SFP vs FFP for hunting

Ninering62

No, thats not the only difference between them either. For those of us that use the holdovers instead of the dial, theres a huge difference in what the subtention values are at diff power settings vs them being constant thru all power settings.
 

JMGamesniper19


Now that everyone is spinning turrets and using shooting apps with Kestrels, in hunting I think SFP scopes are just fine. Bottom line, pick a style you love and shoot it. Then if you have more rifles and more scopes, stay with it

To me this is a similar argument to whether you wanna shoot minutes or mils. Up to you
 

Mikecr

SFP provides better aiming resolution. Aim small, miss small. Many FFP reticles would completely conceal groundhogs I currently take headshots on. Then there is weight and cost. SFP wins there.

The image appears better/brighter with FFP. I'll give it that until SFP catches up.
But I'll never purchase FFP, as to me this would be supporting manual transmissions when efforts need to continue for an automatic world.
 

jgs8163

 

jgs8163

SFP provides better aiming resolution. Aim small, miss small. Many FFP reticles would completely conceal groundhogs I currently take headshots on. Then there is weight and cost. SFP wins there.

The image appears better/brighter with FFP. I'll give it that until SFP catches up.
But I'll never purchase FFP, as to me this would be supporting manual transmissions when efforts need to continue for an automatic world.
I have exact scope models by Nightforce and one is FFP and the other is SFP. There is no benefit in glass clarity, brightness, etc….. to me anyways.
 

DeadmansPoint

 

Jeremy R Snyder

 

Gone Ballistic

 

SteveBurton

My PRS rifle has a FFP in MILs. My magnification is dialed up higher so I can see the sustentions easily. Most people shoot MILs so that is what the spotters are calling out. This keeps me from having to do math in my head.
All of my hunting scopes are SFP in MOA. I grew up using this type of scope so it's more natural to me. I hunt in thick timber and brush back East and also wide open areas in the West. Shots range from 20 yards to my current farthest of 635 yards. I keep my magnification dialed low so I want a scope with a fixed reticle in case I have a quick shot up close. Shots back East can happen in a matter of seconds where as out West you have several minutes to hours to prepare.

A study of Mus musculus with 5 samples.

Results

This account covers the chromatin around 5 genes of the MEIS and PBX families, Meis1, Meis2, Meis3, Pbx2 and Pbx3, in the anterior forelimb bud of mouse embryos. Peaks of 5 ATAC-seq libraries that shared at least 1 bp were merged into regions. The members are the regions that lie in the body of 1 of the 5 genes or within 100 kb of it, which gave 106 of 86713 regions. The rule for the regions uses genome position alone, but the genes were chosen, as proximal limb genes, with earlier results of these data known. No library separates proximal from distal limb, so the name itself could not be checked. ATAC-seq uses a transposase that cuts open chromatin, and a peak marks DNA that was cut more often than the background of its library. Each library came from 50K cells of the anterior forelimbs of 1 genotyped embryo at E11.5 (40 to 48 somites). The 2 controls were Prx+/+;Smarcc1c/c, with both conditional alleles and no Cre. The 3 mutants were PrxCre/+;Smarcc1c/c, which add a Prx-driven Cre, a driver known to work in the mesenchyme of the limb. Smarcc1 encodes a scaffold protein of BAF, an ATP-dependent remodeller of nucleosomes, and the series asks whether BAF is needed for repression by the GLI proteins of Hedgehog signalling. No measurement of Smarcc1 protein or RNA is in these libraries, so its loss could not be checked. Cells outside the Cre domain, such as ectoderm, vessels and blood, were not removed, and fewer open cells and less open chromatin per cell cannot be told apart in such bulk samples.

If all of your hunting was only at long ranges and you had time to setup for the shot, I can see the justification for a FFP.
 

Teri Anne

As mentioned above. It all comes down to personal preference and if you like one or the other you should be familiar with the owners manual that comes with it and use it as you like and it's intended. Personally I use tactical scopes and have the rifle/scope sighted in at the ranges I shoot at and simply dial the distance and hold dead on. But then again, that is my personal preference.
 

Holycity73

FB4A62A4-0BF5-43DC-A0F3-D054CAA2E49B.jpeg
 

Raudy707

I like SFP for hunting because my scope lives on 4.5-5 on the norm. My FFP scopes start there and the reticle isnt really visible. At about 8x I can see it well but that's not great in timber and brush. I think if all I hunted was open prairies and sage I'd just use my FFP scopes but I'm always in mixed terrain and vegetation. SFP for me.